It will likely be impossible for Barack Hussein Obama, the 44th President of the United States of America, to live up to the expectations of his adoring supporters.
First of all, a lot of them are quite young and even the ones who aren’t probably do not have much of a grasp of history. There is an arc to the popularity of leaders.
Following the drawn out agony of the Watergate scandal, Jimmy Carter went from being a fresh new face in the White House to a President who was seen as overwhelmed by the job as he lectured people to turn down their thermostats. He was pathetically inadequate when American diplomats in Iran were taken hostage in 1979. His post-White House outspoken sympathy for Islamic terrorists should be a warning to Obama to avoid any advice he offers.
The myth that has grown up around John F. Kennedy is largely due to his having been assassinated before he did much in office. In some ways, the young people who saw themselves and their future in him resemble those who are heavily invested in Barack Obama. Kennedy campaigned against Richard M. Nixon and there were widespread rumors that Kennedy’s pals in Chicago had helped steal the election for him. As Ecclesiastes says, there is nothing new under the sun.
I doubt that Obama has any more of a grasp of the current national and worldwide financial crisis than Congress. He has, to his credit, surrounded himself by people who presumably can find a way for America to return to prosperity.
Obama will likely spread money around just like Franklin D. Roosevelt did, funding all manner of projects to stimulate the economy. It didn’t work for FDR and it is not likely to work for Obama. Only the business community and entrepreneurs riding the next wave of innovation will save the economy, but only if their taxes are reduced along with the web of regulation that strangles both risk-taking and success in the cradle.
Large corporations, however, have a harder time shifting gears and a lot of them are looking overseas to reduce their risk, reduce their costs of operation, and get away from a federal government that cannot pass laws fast enough to reduce their profit margins.
The expectations will likely be undermined by the short attention span of the young. By mid-2009 there will be a growing volume of voices asking why the recession is still hanging on, why new jobs in the private sector aren’t being created, and why did I have to move back in with my parents? The pain will be widespread and will not go away in a year.
Obama is a big government kind of guy. With his leftist philosophy, he will want to retain and expand federal power, but he will discover that the unrest out in the States far from Washington, D.C. will be magnified as the recession continues and could reach explosive dimensions if the nation is allowed to slide into a depression. I hope he finds the formula to avoid that.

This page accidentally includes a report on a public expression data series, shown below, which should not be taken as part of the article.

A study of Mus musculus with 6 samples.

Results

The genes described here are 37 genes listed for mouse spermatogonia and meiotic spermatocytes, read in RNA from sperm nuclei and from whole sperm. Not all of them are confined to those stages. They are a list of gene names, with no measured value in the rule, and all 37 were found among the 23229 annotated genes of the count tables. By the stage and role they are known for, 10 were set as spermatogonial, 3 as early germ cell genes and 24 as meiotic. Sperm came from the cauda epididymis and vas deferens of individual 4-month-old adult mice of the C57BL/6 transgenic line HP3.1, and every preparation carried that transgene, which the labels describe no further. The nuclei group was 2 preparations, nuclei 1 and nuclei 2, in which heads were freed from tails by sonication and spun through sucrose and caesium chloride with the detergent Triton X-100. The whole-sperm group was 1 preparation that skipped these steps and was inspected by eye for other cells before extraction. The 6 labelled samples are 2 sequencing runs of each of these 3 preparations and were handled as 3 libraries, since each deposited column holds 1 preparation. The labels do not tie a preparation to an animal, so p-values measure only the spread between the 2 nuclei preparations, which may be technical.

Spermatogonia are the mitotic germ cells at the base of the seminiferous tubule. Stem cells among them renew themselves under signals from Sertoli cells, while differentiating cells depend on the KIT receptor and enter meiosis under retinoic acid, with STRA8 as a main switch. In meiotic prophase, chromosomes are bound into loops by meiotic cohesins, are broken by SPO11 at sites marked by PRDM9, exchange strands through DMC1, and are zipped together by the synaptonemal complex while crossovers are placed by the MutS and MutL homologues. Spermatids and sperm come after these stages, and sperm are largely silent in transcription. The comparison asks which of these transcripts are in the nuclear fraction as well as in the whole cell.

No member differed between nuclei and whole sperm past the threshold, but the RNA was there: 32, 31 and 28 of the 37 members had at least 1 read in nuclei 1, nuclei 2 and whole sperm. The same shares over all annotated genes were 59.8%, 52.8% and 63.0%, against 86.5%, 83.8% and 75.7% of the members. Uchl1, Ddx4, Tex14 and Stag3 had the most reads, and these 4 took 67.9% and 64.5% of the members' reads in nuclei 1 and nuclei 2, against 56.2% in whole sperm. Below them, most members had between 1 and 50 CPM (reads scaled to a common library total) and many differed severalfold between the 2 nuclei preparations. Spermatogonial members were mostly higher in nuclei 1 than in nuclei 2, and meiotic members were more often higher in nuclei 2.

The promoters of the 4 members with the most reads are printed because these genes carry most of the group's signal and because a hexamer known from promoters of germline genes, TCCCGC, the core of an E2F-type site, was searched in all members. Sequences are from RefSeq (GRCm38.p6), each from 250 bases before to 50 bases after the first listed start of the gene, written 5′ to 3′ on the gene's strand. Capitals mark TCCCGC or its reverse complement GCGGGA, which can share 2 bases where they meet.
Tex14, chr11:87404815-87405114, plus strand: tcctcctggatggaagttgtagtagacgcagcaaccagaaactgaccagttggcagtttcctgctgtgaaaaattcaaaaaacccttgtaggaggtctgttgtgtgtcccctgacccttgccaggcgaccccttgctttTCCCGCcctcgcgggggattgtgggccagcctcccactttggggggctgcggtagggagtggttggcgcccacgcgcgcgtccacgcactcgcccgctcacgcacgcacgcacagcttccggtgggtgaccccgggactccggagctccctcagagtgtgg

His problems won’t just be domestic either. Enemies of the United States will see opportunities to further undermine its economy and even launch attacks. The southern border with Mexico could turn into a battleground as troops face off with narco-armies, well armed and busy fighting with everyone for territory. That fence between us and Mexico is going to look like a very good idea, but Obama is an open borders kind of guy. His popularity will begin to plummet if he sticks to that bad idea.
Finally, there are early signs that Americans, including the mainstream media, are at a tipping point with regard to whether global warming is real or a hoax. As a candidate who emphasized his green credentials, this is an issue that could swallow up his administration in controversy and disputation if more and more green restrictions conflict with American lifestyles and preferences. We’ve already learned that ethanol is a boondoggle and a farce. Let’s hope he avoids wasting millions on solar and wind energy when we need a new electrical grid and many more coal-fired and nuclear plants.
Any effort to ban gun ownership will run into an army of Americans who think it is their Constitutional right and they will be right about that. His proposal of a Homeland Security force similar to the U.S. military will rightly be seen by a lot of people as a private militia intended to install him in office for life. It is a spectacularly bad idea.
There are a variety of scenarios that represent traps for the new, young President, but how adroitly he addresses the economy will be Job One or else he will be sent packing in four years.
Instead of hating him from the moment he takes the oath as I have heard some say, we would be better off granting him some time to master the office and, most importantly, Congress.
The greatest obstacle to any success he might achieve will be his own political party, currently led by two of the greatest dunces to ever hold public office.